SHETLAND Arts is to lose its director Gwilym Gibbons in September after eight years at the helm of the arts development agency.
The 43 year old announced his departure on Thursday, six months ahead to allow the organisation time to make “a smooth transition”.
He plans to remain in Shetland, from where he will run a new creative agency to help heritage and cultural groups support themselves during the squeeze on public spending.
Gibbons has steered Shetland Arts through its most dynamic and controversial period, almost quadrupling its turnover while tripling staffing levels since he took over in 2006.
His major achievement has been the successful planning and construction of the £13.5 million cinema and music venue Mareel.
The ambitious project took more than a decade of campaigning even before the main plank of funding was approved on the casting vote of Shetland Islands Council convener Sandy Cluness in 2008.
The actual construction was mired with delays and disputes between Shetland Arts and builders DITT, which ended up in legal challenges but was eventually settled outside of court.
Since it opened 18 months ago the building has transformed Shetland’s cultural landscape, with the cinema proving hugely popular bringing new release movies to the islands for the first time in decades.
The state of the art music venue has attracted artists from around the world who have invariably praised its high quality, while providing courses for sound engineering students at Shetland College.
Gibbons said he was proud of what had been achieved during his tenure, saying it was the right time to move on and let someone else take charge.
“What I have seen is an organisation grow from a turnover of about £700,000 to £2.5 million with less funding from Shetland Charitable Trust – that’s a major achievement,” he said.
“I am quite proud of the level of employment we have created. Some people criticise that, but we have moved from around 18 full time equivalent employees to 58. That’s a great thing.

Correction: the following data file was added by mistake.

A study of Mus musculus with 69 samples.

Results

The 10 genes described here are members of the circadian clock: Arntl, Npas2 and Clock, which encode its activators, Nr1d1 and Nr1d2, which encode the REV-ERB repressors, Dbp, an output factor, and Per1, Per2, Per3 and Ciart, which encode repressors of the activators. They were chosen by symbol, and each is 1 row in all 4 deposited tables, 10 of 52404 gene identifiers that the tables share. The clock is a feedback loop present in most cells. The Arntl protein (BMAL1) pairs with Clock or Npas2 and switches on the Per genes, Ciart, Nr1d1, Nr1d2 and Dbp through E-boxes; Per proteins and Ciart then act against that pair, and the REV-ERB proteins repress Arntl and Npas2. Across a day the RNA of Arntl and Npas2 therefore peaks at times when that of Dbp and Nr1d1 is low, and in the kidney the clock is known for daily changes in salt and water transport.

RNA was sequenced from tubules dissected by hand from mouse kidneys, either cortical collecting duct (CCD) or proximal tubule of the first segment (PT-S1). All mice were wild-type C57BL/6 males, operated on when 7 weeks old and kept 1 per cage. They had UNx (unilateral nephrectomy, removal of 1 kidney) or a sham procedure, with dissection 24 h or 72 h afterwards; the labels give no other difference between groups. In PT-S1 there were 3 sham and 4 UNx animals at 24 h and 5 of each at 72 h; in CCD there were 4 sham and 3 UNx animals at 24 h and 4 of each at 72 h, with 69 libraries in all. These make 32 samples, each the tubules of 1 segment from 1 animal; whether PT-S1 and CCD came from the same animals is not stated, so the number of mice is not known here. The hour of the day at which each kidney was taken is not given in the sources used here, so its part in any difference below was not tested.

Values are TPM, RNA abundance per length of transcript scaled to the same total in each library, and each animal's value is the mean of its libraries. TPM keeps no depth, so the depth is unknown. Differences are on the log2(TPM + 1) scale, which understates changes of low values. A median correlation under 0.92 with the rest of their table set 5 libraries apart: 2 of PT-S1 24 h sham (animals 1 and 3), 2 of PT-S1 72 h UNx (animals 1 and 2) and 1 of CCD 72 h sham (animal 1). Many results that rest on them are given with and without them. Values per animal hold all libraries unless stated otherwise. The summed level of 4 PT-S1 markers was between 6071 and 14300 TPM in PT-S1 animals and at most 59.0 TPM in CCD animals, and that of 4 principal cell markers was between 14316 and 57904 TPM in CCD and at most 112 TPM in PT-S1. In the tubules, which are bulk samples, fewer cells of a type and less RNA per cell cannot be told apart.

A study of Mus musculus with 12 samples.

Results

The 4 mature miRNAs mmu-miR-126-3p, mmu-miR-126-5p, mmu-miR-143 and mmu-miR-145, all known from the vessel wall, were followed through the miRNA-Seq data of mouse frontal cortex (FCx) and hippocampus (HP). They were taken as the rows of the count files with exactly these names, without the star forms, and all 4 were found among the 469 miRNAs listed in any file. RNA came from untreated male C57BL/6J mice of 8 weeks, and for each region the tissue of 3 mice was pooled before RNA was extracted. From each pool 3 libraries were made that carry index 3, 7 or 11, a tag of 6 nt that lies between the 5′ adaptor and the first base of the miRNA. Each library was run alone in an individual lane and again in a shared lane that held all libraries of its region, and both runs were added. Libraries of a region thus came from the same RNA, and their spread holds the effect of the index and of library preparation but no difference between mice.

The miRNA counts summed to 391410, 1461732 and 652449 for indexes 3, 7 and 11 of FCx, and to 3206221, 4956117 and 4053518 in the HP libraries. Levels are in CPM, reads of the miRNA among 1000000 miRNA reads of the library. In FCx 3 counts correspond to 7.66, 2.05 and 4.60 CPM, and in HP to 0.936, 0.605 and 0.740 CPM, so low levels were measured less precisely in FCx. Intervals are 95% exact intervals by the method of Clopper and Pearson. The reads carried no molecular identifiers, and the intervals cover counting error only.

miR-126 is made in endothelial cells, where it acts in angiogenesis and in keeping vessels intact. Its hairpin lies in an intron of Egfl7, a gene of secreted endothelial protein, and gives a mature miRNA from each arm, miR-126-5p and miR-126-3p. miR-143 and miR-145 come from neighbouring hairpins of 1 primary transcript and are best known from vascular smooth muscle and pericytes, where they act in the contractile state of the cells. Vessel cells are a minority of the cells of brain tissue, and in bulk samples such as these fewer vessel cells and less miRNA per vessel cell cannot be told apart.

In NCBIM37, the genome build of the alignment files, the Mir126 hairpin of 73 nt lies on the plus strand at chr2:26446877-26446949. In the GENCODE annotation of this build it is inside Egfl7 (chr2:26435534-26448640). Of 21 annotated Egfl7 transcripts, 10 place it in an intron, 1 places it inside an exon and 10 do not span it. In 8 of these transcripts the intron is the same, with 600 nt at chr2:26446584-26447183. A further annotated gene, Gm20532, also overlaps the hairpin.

“But what’s really exciting is what’s going to happen next because we have to almost reimagine the cultural landscape now that Mareel is bedded in.
“It’s hugely successful, people are loving it and pouring in through the door and we are only just beginning to realise the benefits of all the educational activity and everything that Mareel can do.”
He said that in September he would have been in charge for exactly eight years, which felt “absolutely the right time” to move on and hand over to someone new.
He intends to use the “huge amount of learning” from his work with Shetland Arts and other organisations outside the isles to set up a new agency called Creative Help.
“I’ll be working with others to provide practical support to the heritage and cultural sector organisations that are going through times of significant challenge and I am also looking into getting directly involved in delivering creative projects as well,” he said.
“I am staying in Shetland. I love Shetland even in this weather, so I am going to base myself here.
“It may involve a significant amount of travel but I really want to keep my roots in Shetland and I as a punter want to enjoy the facilities that Shetland now has.”
He added that he was immensely proud of both Mareel and the team at Shetland Arts.
Shetland Arts chairman Danus Skene said he was sad Gibbons was leaving and thanked him for his “exemplary service”
“He has made a unique contribution to the wellbeing of the Shetland community through his leadership of an agency which provides such diverse services to so many.
“The scale and breadth of the work of Shetland Arts under his leadership deserves to be widely celebrated.”